Some supplements can cause constipation and digestive concerns like bloating, stomach cramps, and gas. However, other vitamins and minerals are associated with healthy digestion and increased regularity.
Vitamins and minerals play a major role in oodles of bodily functions. Psst, that includes digestion. While some dietary supplements can benefit digestive health, others can cause constipation or make it worse.
Here’s which vitamins might be behind your behind problems, plus which supplements can help you get your poop back on track.
Different types of iron can have different effects on your tummy. According to one review, ferrous sulfate, ferrous fumarate, and ferrous gluconate are associated with higher rates of gastrointestinal (GI) issues compared to other forms of iron.
In addition to constipation, iron supplements may also cause:
According to a 2019 study, calcium carbonate can cause constipation and bloating. Taking too many calcium supplements may also trigger gas and bloating. However, we def need more research to show the full effects.
Berberine is a yellow, bitter-tasting chemical that comes from certain plants like tree turmeric, goldthread, and goldenseal. Some peeps take it as a supplement for things like high blood sugar and high blood lipid levels.
- abdominal bloating
FYI: The typical recommended dose of berberine is 250 to 500 milligrams 2 or 3 times a day, according the NIH. Just remember to talk with a healthcare professional before making any major changes to your supplement regime.
Surprise! Fiber is often touted as a constipation cure-all. But alas, too much fiber or increasing your fiber intake too quickly can cause:
- upset stomach
- stomach cramps
- feeling too full or loss of appetite
Keep in mind, the type of fiber you eat can also count for a lot. Certain types of fiber (i.e., finely ground wheat bran or wheat dextrin) might dry out your poop and make it harder to pass a poo.
Now that you know what stuff might cause constipation, here are some options that might help you get relief.
- Magnesium. Studies show that supplementing with certain types of magnesium — like magnesium citrate and magnesium oxide — may help improve constipation.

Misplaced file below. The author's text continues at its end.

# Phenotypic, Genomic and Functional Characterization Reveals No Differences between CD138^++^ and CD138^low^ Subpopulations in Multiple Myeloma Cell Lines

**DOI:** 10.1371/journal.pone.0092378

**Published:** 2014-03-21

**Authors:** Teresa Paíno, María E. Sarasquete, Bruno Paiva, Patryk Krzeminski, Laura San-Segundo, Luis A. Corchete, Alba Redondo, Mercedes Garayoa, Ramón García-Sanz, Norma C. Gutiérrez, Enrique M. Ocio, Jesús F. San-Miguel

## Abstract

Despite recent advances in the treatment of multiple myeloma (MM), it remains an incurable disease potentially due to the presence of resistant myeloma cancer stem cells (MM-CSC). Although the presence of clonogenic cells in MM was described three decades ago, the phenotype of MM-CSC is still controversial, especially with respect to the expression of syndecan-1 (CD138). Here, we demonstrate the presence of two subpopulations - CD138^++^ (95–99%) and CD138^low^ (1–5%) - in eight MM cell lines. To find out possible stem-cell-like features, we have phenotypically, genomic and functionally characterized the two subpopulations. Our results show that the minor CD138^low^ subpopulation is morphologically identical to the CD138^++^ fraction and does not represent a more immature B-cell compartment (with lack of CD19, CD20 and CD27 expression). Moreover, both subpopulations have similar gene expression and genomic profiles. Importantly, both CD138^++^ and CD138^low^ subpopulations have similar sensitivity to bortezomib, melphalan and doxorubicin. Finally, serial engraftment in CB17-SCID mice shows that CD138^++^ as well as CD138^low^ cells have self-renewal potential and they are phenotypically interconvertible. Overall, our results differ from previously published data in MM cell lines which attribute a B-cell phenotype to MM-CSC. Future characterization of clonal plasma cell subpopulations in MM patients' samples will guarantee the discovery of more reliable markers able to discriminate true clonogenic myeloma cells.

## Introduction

- Probiotics. Some studies show that certain strains of probiotics may be effective for improving constipation symptoms. Just keep in mind that we need more research to show which strains work best.
- Fiber supplements. Certain fiber supplements may be helpful for improving symptoms of constipation. Psyllium supplements may help increase the water content of your poop. This can make your trips to the porcelain throne more relaxed.
Some studies show certain medications and other supplements can also help improve constipation symptoms. This includes:
Reminder: You should talk with your healthcare professional before taking any supplement for constipation.
Here are some other top-notch tips to keep your poo schedule on fleek.
- Follow a healthy diet. A high fiber diet can help keep your stool soft and can reduce your risk of constipation. Some great food choices include leafy greens, grains, fruits, beans, nuts, and seeds.
- Stay hydrated. Dehydration can lead to constipation. So, make sure you drink plenty of water daily.
- Increase activity levels. Staying active can help reduce your risk of a number of health conditions including chronic constipation. Studies show that peeps who lead sedentary lifestyles are more likely to experience chronic constipation.
- Address underlying medical conditions. Some constipation causes are out of your control. For example, conditions that affect the colon or rectum can cause constipation. If you think an underlying condition is to blame, talk with a healthcare professional. They can help you get to the bottom of things.
- Enjoy a healthy lifestyle. You can help reduce your risk of constipation if you maintain a healthy body weight, don’t smoke, and avoid drinking excessive amounts of alcohol.
Occasional constipation is common and (generally) isn’t a big deal. However, chronic constipation can be a cause for concern. Although things like diet and lifestyle could contribute to constipation, constipation can also be a symptom of an underlying condition.
Talk with a healthcare pro if you’re constipated on the reg. They can rule out potential underlying causes of your constipation and can give you tips on how to manage it.
Certain supplements — like certain forms of iron, fiber, calcium, or berberine — can cause constipation or make it worse. Other supplements can have the opposite effect and help keep your poop schedule regular.
If you’re not sure what’s causing your constipation, talk with your doctor or a healthcare professional so you can undergo appropriate testing and get the right care.